Monday, September 12, 2016

1953 Buick Wildcat Concept Car

Concept cars, show cars, dream cars -- whatever one chooses to call them -- come in two basic varieties.

Some are flashy, far-out designs.  A few might exist as excuses for young members of styling staffs to let off creative steam.  Others might be public relations gestures intending to cast the carmaker as a far-seeing firm.  Or maybe the two possibilities are combined in one car.

Other such cars are intended to prepare the buying public for features on production cars due for release within the next few years.  At one extreme are thinly disguised versions of future production models.  At the other are a few details on one of those flashy, futuristic dream cars.

General Motors' Motorama traveling shows of the 1950s included concept cars of all stripes because the company was rich and could afford both the shows and those custom-made cars.  The first major Motorama was held in 1953  Nearly all the concept cars in that show were geared to preview features on GMs major Oldsmobile, Buick and Cadillac redesigns for the 1954 model year.  Among these was the Buick Wildcat, the first of a series of Wildcat show cars appearing in 1953-55 Motoramas.


Four Wildcats were built, one is known to survive.  The above photo was taken at an automobile show, but not at the New York Waldorf-Astoria Motorama.  Buick was not to produce a two-passenger sporty car for many years, so that Wildcat feature can be disregarded.

Here is a heavily retouched publicity photo of the '53 Wildcat.  GM used a lot of airbrush-enhanced photos in the early 1950s.  The objective was to clarify a car's features by eliminating distractions such as reflections of sharp highlights.  The result is an artificial look when seen in good-quality reproduction, but the photos probably worked best when coarsely screened for newspaper use -- the main publicity target in those days.

Two views of the black Wildcat displayed at the Waldorf.

One Wildcat was given a hard roof.  It also had a circular rear wheel opening, unlike the other Wildcats.  This car also carried a Sweepspear extension that flows over the opening, a feature already in production on 1953 Buick Skylark convertibles.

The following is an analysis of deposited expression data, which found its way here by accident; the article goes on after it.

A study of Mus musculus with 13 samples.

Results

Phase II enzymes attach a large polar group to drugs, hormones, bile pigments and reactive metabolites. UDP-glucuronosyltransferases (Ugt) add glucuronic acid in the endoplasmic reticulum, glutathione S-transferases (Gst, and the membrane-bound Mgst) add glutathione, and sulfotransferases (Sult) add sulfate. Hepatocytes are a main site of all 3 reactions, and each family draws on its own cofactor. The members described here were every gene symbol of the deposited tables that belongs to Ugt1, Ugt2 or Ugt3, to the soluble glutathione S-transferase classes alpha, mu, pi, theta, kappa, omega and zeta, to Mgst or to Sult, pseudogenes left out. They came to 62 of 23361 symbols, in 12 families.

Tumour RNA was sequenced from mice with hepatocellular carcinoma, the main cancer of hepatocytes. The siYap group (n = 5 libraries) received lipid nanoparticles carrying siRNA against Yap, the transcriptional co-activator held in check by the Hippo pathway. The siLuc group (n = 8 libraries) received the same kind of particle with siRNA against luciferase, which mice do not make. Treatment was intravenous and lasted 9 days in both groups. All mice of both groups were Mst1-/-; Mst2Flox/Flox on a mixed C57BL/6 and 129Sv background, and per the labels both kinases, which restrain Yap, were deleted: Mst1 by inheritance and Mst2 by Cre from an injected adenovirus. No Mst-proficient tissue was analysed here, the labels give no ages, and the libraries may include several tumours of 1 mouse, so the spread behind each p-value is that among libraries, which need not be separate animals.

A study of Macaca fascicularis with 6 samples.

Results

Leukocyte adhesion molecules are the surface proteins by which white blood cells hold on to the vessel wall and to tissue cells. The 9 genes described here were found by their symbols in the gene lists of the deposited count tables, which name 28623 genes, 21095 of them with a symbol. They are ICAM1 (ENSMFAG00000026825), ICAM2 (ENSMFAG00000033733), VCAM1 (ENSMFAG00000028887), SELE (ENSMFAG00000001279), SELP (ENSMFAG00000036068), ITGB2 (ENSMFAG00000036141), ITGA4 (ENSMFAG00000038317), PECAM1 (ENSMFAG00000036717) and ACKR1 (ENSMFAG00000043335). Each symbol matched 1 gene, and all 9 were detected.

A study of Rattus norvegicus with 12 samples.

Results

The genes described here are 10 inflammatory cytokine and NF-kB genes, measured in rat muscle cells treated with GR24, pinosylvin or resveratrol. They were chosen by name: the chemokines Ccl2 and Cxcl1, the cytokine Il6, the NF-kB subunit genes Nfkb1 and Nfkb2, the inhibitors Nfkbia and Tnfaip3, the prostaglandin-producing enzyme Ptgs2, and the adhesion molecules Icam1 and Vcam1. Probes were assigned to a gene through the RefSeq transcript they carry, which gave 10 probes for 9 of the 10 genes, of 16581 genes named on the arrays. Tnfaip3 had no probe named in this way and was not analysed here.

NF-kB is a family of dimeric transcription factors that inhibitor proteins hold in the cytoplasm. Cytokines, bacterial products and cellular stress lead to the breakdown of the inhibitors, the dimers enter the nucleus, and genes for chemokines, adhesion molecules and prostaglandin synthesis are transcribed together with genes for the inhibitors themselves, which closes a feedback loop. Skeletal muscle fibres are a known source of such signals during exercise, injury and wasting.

General view of a 1953 Buick Wildcat.

1954 Buick Skylark.  The curved trunk lid and ridges are watered-down versions of the Wildcat's.

1954 Buick Special convertible.  Its facial details were previewed on the Wildcat.  The headlight housings are about the same, and both originated on the 1951 Buick XP-300 experimental car.  The pointed "Dagmar" bumper guards are similar to those on the Wildcat.  The Wildcat's grille (derived from the XP-300) has concave bars, while the production Buick's are convex.  Photo from Auctions America,

These sales photos (lower from Auctions America) show the fender line on '54 Buick Special convertibles.  Aside from the sculpting where the rear fender starts, the fender lines of the Wildcat and these Buicks are similar, including the low humps at the rear.

Seen from the front three-quarters, the Wildcat has pleasing looks.  It would look better if those Buick "portholes" that normally were on front fender sides were not placed atop the fenders where they are hard to see.  They should have been eliminated.  The two air intakes on the hood do help enliven an otherwise bland surface, but other treatments might have done that job better.  The worst part of the design is the trunk lid -- oddly shaped, weird detailing.